To Hell With Plans: Why I Won’t Be Packing Any On This AT Thru-Hike
I have what some would consider an extreme “Type A” personality. Prior to my attempted thru hike of the Appalachian Trail last year I had planned EVERYTHING. My mail drops were neatly organized down to the very date that I would be going through town, I had a cute little binder that I left behind for my husband with my approximate itinerary and mail drop instructions, and I had even highlighted exactly where I would stay each night in my trail guide.
Panic set in when I embarked on my journey and realized that my plans were the biggest waste of time in the world. I wanted control, but the A.T. had other ideas for my journey.
In addition to planning, I realized that the “yummy” meals I had prepared and dehydrated ahead of time were unappetizing and a waste of my money. I held on to as much of my plans and disgusting premade meals as I could, but what I found was that it was only taking away from the freedom and adventure of my hike. I was hiking too fast more often than not, and I has barely eating on the trail and overeating in town. The result was a serious lack of energy from not getting the proper nutrition, and ultimately a leg injury that inevitable forced me from the trail.
My big plan to thru hike the Appalachian Trail in 2014 failed after only a little over a month of hiking. The problem with plans is that if you put too much power into them, you end up devastated when they do not work out the way you had anticipated. So, that being said, I was devastated. For quite a few months after returning home I was depressed and angry with myself for not having made better plans.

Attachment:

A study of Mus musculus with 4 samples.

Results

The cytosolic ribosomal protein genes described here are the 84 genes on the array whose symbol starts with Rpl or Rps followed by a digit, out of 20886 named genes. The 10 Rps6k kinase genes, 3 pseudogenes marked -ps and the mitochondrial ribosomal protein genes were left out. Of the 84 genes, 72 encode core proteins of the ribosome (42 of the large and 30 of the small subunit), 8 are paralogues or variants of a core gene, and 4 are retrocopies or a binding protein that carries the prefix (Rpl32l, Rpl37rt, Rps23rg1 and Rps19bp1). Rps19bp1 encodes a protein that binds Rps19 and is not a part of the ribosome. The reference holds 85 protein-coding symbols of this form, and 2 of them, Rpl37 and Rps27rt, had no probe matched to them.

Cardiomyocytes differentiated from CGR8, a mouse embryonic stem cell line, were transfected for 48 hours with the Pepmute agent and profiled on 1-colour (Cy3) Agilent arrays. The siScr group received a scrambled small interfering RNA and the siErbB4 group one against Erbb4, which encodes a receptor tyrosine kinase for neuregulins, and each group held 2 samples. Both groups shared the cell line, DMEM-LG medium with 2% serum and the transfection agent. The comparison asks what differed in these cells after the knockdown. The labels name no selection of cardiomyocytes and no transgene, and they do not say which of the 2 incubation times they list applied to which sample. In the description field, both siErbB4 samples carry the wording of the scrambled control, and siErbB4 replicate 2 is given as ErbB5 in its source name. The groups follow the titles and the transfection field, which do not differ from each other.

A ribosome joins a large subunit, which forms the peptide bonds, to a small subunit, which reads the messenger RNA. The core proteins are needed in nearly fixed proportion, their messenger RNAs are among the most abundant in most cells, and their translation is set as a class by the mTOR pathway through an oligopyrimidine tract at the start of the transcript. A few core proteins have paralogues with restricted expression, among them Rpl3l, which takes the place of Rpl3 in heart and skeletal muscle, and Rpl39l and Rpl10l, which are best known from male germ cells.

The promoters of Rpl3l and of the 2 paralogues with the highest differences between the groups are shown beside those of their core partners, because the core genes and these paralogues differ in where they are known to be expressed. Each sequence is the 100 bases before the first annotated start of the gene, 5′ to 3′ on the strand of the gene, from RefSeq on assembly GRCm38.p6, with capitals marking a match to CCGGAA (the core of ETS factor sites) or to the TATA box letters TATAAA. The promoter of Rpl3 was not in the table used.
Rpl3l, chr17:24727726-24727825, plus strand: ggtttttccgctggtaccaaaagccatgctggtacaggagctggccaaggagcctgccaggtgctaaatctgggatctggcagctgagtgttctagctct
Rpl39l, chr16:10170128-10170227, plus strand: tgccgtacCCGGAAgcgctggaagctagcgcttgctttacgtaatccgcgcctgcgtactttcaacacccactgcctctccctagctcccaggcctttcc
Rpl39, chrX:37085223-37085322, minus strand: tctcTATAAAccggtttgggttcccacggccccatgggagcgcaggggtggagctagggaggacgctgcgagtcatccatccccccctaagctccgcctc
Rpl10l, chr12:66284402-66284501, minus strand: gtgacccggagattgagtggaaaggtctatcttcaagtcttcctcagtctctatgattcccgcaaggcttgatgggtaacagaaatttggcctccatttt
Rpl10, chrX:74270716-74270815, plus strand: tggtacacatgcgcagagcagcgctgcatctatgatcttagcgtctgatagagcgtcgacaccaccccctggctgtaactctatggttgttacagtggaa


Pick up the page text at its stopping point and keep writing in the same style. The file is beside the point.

In March of this year I discovered that less than a week after starting my journey on the Appalachian Trail my husband had an affair. The man that I planned to spend my life with, planned to have children with, and planned to someday start an organic farm with, had thrown it all away for a politician/feminist from Fiji who he met on his returning flight from Georgia where he had just left me. Plans never work out the way you want.
It has been a bit of an adventure over the past couple of months trying to reconnect with myself and trying to plan for MY future. Today I was in the local Goodwill looking at books when I stumbled across a series of trail guides for Arizona. As I opened one I discovered hoards of papers stuffed inside with very precise plans for specific trails. Almost simultaneously I laughed and cried at the thought of making hiking plans. I purchased the books and found myself even more upset when I returned home to read the plans that the woman had written.
As if I were reading a diary, I quickly learned that this person had not just made plans, but instead had recorded her goals, dreams, and aspirations. Is this where I had gone wrong? Did I somehow lose track of my adventure in the process of planning?
As I sit here today with less than two months remaining before I leave to hike the Appalachian Trail southbound, I am thankful for the discovery of letting go. It may have taken complete devastation, depression, and finding the anonymous notes today to figure that out, but I now know that life is an adventure that must be taken one moment at a time. No longer do I care what happens in 10 minutes or in 10 years, instead I only care about what I plan to do with my present moments. I may not have any specific plans for my hike this summer and fall, but I do know that I have goals, dreams, and aspirations. I know that that is more powerful than any plan I could ever make.
The Appalachian Trail will do whatever it wants with me, just as life does. I only need to be open to the freedom and the adventure of it all.